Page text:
In the spring of 2008, above the rugged Chilean treescape, a giant awoke from a thousand-year sleep. With a vengeance, the antediluvian belched thick black smoke high into the night sky. Lightning arced and danced around the noxious plume that flowed from his cavernous mouth. He hissed, flicked out his fiery tongue and spewed brimstone down the mountainside. From his world of darkness, Mulciber rose with a terrifying rage.
At the opposite end of the earth, as dawn broke over rice fields in the peaceful sichuan Basin of southwestern China, another ancient primordial god turned his weary sides and struggled to free himself from the crush of his mountainous grave. a restless Enceladus shook the very foundations of a solid continent. In a great tectonic battle, the Indian plate rafted on molten asthenosphere and pushed up over the Eurasia plate, striking a northeast thrust along the Longmenshan fault and brought destruction to the rolling hills and alluvial plains of the Red Basin.
Meanwhile, along the border of Switzerland and France, between Lake Geneva and the Jura mountain range, deep in the bowels of the earth, subatomic particles hurl in opposite directions around a thirty-kilometer circular tunnel at temperatures colder than outer space. They gain energy with every lap until they collide at the speed of light. In the most spectacular research experiment ever undertaken on earth, scientists from around the globe search for the ‘God Particle’.
Four Years Later
Dr. Aaron Krause pushed his way through throngs of reporters on the
steps of the United States District Court of Hawaii in Honolulu. With long straggly graying hair, mustache and beard, he epitomized classic geek. After a life spent in the laboratory or behind mounds of scientific papers in his office in Switzerland, he is uncomfortable in a suit. Flashbulbs blind him, microphones jab at him and the questions keep coming.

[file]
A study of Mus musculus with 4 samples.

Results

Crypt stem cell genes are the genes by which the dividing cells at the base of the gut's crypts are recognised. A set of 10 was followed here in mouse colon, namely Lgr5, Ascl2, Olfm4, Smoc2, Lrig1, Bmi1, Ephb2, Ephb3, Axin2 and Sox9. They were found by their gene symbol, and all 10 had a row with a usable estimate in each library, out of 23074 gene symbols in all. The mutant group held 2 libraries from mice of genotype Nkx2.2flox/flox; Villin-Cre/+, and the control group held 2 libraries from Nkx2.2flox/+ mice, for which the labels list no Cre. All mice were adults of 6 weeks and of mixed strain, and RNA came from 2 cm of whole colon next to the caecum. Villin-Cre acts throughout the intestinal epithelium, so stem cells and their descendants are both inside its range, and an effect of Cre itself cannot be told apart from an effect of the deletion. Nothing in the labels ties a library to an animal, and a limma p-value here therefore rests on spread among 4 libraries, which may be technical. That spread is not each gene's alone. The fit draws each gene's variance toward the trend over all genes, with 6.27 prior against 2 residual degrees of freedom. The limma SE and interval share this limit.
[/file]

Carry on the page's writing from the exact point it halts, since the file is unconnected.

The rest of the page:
“How do you feel about Cern winning the doomsday suit?”
“Do you think there is a chance the earth will disappear into a black hole?”
“Is LHC a doomsday machine?”
“Have you found the Higgs Boson?”
“Are the three explorers you sent down the wormhole still missing?”
The last question shook him, and he looked around to see where it came from. “No one knows about the time machine experiment,” he thought.
At the bottom of the courthouse steps, the lawyers, David Meshenberg and Warren Bailey fielded their own questions. The media was giddy with the grandeur of the project that Fermilab and Cern had just successfully defended. A more sober Aaron realized that the concerns raised in Wagner’s lawsuit had some legitimacy. This experiment sailed into uncharted waters; no one will really know the outcome until the results come in.
Aaron felt his cell phone vibrating in his vest pocket. He was anxious to make a private call to Switzerland and find out if there was any news.
Sixty-six Million Years Back in Time
The sun gleamed off of the calm waters of the Cretaceous Inner Sea. Rebecca stared in disbelief. It all happened so fast. She felt as though she had lost time somewhere along the way. It was like the feeling one gets when waking from an anesthetic induced sleep. The last thing she remembered was waiting with her two traveling buddies in the time-machine cabinet. Their departure was to be delayed for another hour or so while technicians worked out a glitch. But here she stood, and it was everything she could ever have imagined. A rush of adrenaline and a complete sense of tranquility came over her at the same instance.